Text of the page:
Red tape is costing $250 billion a year and draining productivity – Deloitte infographic
Deloitte is waging a war against self-imposed red tape, which it says is costing the country $250 billion a year and draining productivity in all sectors.
The issue is uncovered in detail in the ‘Get out of your own way: unleashing productivity’ report and accompanying website, including the below infographic. Not-for-profits and NGOs are spending more than six hours a week dealing with self-imposed red tape, the report says.
The report states the ‘real annual cost of rules’ as including:
- $94 billion to administer and comply with public sector rules,
- $155 billion to administer and comply with self-imposed rules and regulations,
- unquantifiable losses from forgone incentives, enterprise and innovation, and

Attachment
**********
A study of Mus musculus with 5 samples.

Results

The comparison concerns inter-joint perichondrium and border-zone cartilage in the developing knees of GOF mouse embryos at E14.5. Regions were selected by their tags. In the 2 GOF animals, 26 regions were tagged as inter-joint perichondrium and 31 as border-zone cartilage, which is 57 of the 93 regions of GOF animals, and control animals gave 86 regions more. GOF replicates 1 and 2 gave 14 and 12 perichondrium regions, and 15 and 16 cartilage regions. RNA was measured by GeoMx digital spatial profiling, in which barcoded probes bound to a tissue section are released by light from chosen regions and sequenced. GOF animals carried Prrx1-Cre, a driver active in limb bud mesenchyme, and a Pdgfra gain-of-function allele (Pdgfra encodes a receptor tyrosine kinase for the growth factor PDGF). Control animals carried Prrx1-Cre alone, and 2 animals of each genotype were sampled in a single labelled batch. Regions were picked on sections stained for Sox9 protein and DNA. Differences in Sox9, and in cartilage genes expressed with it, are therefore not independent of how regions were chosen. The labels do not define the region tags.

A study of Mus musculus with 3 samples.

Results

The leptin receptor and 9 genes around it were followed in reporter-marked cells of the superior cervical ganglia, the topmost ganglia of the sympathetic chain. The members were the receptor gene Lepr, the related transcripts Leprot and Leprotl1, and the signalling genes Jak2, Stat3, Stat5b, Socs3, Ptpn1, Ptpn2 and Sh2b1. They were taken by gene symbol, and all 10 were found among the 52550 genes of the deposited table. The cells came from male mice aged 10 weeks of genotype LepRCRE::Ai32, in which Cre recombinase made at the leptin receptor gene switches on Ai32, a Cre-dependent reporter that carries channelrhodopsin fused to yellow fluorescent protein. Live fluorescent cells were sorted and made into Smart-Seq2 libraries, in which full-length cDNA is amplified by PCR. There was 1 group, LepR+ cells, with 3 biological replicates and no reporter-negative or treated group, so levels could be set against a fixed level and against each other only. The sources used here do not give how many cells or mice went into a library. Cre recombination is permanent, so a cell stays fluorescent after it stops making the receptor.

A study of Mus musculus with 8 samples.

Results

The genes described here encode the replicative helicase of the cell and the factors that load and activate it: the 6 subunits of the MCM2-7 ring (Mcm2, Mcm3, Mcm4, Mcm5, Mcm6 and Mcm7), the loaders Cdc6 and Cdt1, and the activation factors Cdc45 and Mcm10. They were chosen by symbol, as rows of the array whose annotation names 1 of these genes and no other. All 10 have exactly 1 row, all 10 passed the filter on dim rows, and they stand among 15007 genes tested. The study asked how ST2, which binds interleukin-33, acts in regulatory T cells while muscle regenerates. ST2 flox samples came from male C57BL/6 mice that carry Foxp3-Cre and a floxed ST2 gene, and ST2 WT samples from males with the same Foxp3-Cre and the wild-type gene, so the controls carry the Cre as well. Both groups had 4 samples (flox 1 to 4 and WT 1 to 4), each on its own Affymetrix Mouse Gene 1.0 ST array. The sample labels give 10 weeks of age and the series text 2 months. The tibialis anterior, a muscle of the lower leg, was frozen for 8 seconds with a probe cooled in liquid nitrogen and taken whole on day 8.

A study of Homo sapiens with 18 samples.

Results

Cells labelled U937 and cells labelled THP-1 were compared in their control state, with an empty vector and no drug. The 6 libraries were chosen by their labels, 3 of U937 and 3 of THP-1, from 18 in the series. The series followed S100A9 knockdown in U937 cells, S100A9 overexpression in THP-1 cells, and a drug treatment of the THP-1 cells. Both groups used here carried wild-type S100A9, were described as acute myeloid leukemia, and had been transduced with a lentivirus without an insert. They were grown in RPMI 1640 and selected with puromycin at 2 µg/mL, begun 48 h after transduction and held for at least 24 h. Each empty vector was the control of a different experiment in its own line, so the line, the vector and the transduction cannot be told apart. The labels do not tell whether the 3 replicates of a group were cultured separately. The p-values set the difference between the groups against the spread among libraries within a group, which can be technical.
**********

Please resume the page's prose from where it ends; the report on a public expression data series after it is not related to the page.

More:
- at least eight weeks of work to cover the cost of administering and complying with rules.
Report co-author, Deloitte Access Economics’ Chris Richardson says Australia has created a ‘compliance sector’ that employs more people than construction, manufacturing or education. “Where rules don’t exist, we create them. Where they already do, we make more. They overlap, they contradict, they eat our time and they weigh us down.”
Deloitte NFP partner Gaile Pearce says NFPs waste time on self-imposed red tape in areas such as:
- Requiring decisions to be ratified by multiple committees,
- duplicating work in different states but under separate legal entities and without sharing services, knowledge and information across states,
- following internal frameworks and KPIs that do not align with strategies, and
- failing to define role definitions for boards and management, leading to boards focusing too heavily on operations rather than managing strategy and risk.
Richardson says organisations in both the public and private sectors should reassess their approaches to managing risk.
“Taking a long, hard look at the rules that individual organisations operate within will reduce the cost and complexity of doing business in Australia.”